Rosalie Doherty has been going to Mario Tricoci salons since her first haircut.

“I just love the way she comes out of the salon feeling good about herself and knowing how beautiful she looks,” Colleen Doherty, Rosalie’s mom, said.

Rosalie, 12, was born with Down syndrome. She loves to swim. She has three brothers. She has beautiful chestnut hair that hangs just past her shoulders, and bangs that frame her face.

“I just thought, ‘If she and I can do this, why shouldn’t the residents at Misericordia have the same experience?’ ” Colleen Doherty said. “It’s about dignity and humanity and self-esteem.”

Rosalie lives at home with her parents, but Colleen Doherty said she envisions her daughter spending her adult years at Misericordia, a Chicago-based home for children and adults with developmental disabilities, run by the Catholic Sisters of Mercy. Her husband, Jay Doherty, sits on Misericordia’s advisory board.

In April, Colleen Doherty approached Sister Rosemary Connelly, executive director of Misericordia.

On its 31-acre campus, Misericordia has an aquatic center and a yoga studio, a dental clinic and a medical clinic. There’s a restaurant, the Greenhouse Inn and Hearts & Flour Bakery, where residents make cookies and brownies and other treats.

A hair salon, Doherty figured, would be a perfect addition. Residents, some of whom use wheelchairs, some of whom have severe developmental as well as physical disabilities, wouldn’t have to be transported off campus to have their hair cut and styled.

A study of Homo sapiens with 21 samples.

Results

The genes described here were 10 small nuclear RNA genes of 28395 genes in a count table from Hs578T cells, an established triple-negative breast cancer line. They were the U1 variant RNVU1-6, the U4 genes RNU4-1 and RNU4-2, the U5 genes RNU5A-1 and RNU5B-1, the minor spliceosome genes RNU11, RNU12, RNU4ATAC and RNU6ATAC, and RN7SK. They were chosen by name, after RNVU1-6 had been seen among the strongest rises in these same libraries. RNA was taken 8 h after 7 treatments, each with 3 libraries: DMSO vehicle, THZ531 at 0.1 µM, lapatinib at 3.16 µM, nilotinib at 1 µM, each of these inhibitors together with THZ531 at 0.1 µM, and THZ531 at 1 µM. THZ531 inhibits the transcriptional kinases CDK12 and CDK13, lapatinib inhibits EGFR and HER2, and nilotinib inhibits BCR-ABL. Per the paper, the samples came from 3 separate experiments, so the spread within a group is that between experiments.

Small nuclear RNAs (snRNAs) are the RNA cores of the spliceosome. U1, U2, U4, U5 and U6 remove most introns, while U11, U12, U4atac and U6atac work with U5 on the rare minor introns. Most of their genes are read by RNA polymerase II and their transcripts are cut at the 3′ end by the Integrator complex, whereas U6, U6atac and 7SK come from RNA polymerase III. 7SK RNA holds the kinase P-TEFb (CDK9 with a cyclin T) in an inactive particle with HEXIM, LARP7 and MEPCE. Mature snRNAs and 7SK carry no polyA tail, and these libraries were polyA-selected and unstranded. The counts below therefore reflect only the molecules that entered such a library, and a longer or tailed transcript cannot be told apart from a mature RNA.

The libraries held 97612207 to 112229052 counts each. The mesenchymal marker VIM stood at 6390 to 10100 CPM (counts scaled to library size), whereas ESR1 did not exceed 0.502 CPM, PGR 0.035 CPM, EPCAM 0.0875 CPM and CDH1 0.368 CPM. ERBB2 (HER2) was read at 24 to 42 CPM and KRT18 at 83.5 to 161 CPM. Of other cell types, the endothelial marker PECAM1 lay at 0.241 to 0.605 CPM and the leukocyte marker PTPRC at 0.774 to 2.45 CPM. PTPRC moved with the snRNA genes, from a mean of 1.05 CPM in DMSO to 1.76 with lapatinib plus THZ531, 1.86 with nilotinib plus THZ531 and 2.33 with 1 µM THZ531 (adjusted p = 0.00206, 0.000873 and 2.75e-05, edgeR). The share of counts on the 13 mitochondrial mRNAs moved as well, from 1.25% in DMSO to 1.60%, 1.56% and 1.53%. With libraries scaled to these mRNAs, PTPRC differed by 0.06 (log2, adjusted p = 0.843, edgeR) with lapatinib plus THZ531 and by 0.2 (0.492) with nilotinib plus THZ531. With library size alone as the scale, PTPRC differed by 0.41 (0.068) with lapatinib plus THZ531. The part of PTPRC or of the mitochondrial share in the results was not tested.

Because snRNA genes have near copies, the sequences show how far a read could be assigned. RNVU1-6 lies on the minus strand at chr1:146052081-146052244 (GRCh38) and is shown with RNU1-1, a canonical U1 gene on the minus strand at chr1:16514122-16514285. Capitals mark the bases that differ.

“Sister said to me, ‘Colleen, I always work better when my hair is done,’ ” Doherty said.

That was her green light.

Doherty and her husband made some calls. Retired associate judge Mark Ballard connected them to Mario Tricoci, the man behind the chain of 14 high-end salons and day spas that started as a single Villa Park beauty shop 40 years ago.

“At this point in my life, I’m 77,” Tricoci said. “I’ve done shows and hair all over the world — Japan, China, Brazil, Italy, France, you name it. We have had, thank God, great success. We have a great staff. This is giving back — not to the industry, but to the community.”

Tricoci styled Connelly’s hair as he spoke.

“I can almost cry,” Tricoci said, tearing up. “It’s emotional. When we get a person, here or anywhere, and once we do their hair and we hear those words, ‘I love my hair. You made my day,’ how sweet is that? It’s priceless.”

Tricoci was on-site for opening day of the new salon, located in a sunlit room that used to house a computer lab. He worked alongside volunteer stylists from his salons and Tricoci University of Beauty Culture, the company’s training grounds.

Stylists worked their magic at three other stations stocked with nylon capes, flat irons, hair dryers, styling cream and blowout spray.

Two more Tricoci employees worked the sinks, shampooing and conditioning hair.

Misericordia will establish set days and hours for the salon once administrators have a better sense of the demand, but the Tricocis have committed to permanently staffing it with volunteers.

Gina Doherty (no relation to Colleen’s family) waited on a couch outside the salon for her daughter, Jackie, to have her hair styled.

Jackie is 32. She has cerebral palsy and is visually impaired. She uses a wheelchair. She lives at Misericordia full time, but her mom visits throughout the week for dinner and takes her back to the family’s home every weekend.

“It’s wonderful what they’re doing,” Gina Doherty said. A stylist on-site, she said, is a game-changer.

Meanwhile, back in the salon, clippers buzzed and dryers whirred and clients squealed with delight.

“It’s a wonderful, wonderful gift,” Connelly said of the salon. “The only reason we have all that we have here is so many people have said, our children not only have a right to life, but one worth living.”